A case study in donkey name reaction
So far we’ve only talked about donkey names for foreign brands , but China’s mocking netizens have never limited their targets to foreign-owned enterprises. Baidu, the 800 pound gorilla of Chinese search, was slapped with “Dùniáng” (度娘) a few years back when netizens got upset about its forum practices.*
How to translate Dùniáng? It’s a little tricky, as is always the case for Chinese humor. Niáng by itself is a word for mother, still used by children today in some parts of China, mostly in rural areas. But niáng can also be used as a derogatory description for men or boys, describing them as “girly”. So when folks started referring to Baidu as the “Girly Du”, clearly it indicated they were none too happy with the company.
What, then, does a big bad company do when its customers start calling it “Girly Du”?
Baidu did exactly what your mother told you to do when people call you names. Agree! Take pride in it. Take the wind out of your would-be insulters sails.
The Baidu managers have used this approach to turn the “Girly Du” insult completely on its head. At the year-end party, the Tieba Club (part of Baidu’s popular forums) put up a banner “I love Girly Du” (我爱度娘). Reputedly, managers began calling the business Girly Du too. Models hired for the year-end company party were called Dùniáng too, the same word but maybe better translated in this context as “Du Girls.”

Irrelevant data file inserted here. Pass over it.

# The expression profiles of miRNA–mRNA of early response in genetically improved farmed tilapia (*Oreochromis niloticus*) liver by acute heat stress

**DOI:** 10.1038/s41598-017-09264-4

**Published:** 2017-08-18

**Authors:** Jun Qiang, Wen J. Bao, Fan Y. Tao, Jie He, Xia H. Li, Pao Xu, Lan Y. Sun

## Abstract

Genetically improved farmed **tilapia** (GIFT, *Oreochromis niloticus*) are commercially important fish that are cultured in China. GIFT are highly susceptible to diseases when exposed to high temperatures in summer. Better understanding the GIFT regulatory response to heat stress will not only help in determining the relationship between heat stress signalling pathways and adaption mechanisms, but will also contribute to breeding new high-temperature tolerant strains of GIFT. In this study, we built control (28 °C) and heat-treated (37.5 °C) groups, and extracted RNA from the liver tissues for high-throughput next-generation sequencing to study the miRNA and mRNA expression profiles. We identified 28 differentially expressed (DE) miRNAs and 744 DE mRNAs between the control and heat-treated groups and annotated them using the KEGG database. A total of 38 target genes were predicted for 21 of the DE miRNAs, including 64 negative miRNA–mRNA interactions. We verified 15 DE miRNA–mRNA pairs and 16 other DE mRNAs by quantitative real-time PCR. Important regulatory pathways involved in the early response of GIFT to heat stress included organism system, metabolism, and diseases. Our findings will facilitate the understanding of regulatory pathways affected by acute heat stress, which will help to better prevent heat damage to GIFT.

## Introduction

Which all goes to show that in name management, as in much else, if you’re bold and you’ve got the vision, you can still direct the public discourse.
*Why were customers upset with Baidu and how did that lead them to consider the company “girly”? There’s no definitive explanation, but one amusing story has to do with automatic censorship. It’s said that it all started at a difficult moment in the ebb and flow of Chinese censorship….
Within Baidu forums, it was getting difficult to start a thread because poor filtering software would automatically reject the content, even if it shouldn’t have been considered “sensitive.” Users found they could work around the software, though, by posting something empty or nearly meaningless such as “Feeding Baidu” (喂百度) at the top level of a thread, the so-called “first floor”. Having done this, they’d go to the “second floor” and post the content they actually wanted to put up.
The number 2 being, in Chinese numerology, a more feminine number, it was deemed appropriate to begin calling out the Girly Du for its girly practices. It may seem Byzantine to the outside observer, but this kind of rapid evolution in terminology is par for the course on the Chinese internet.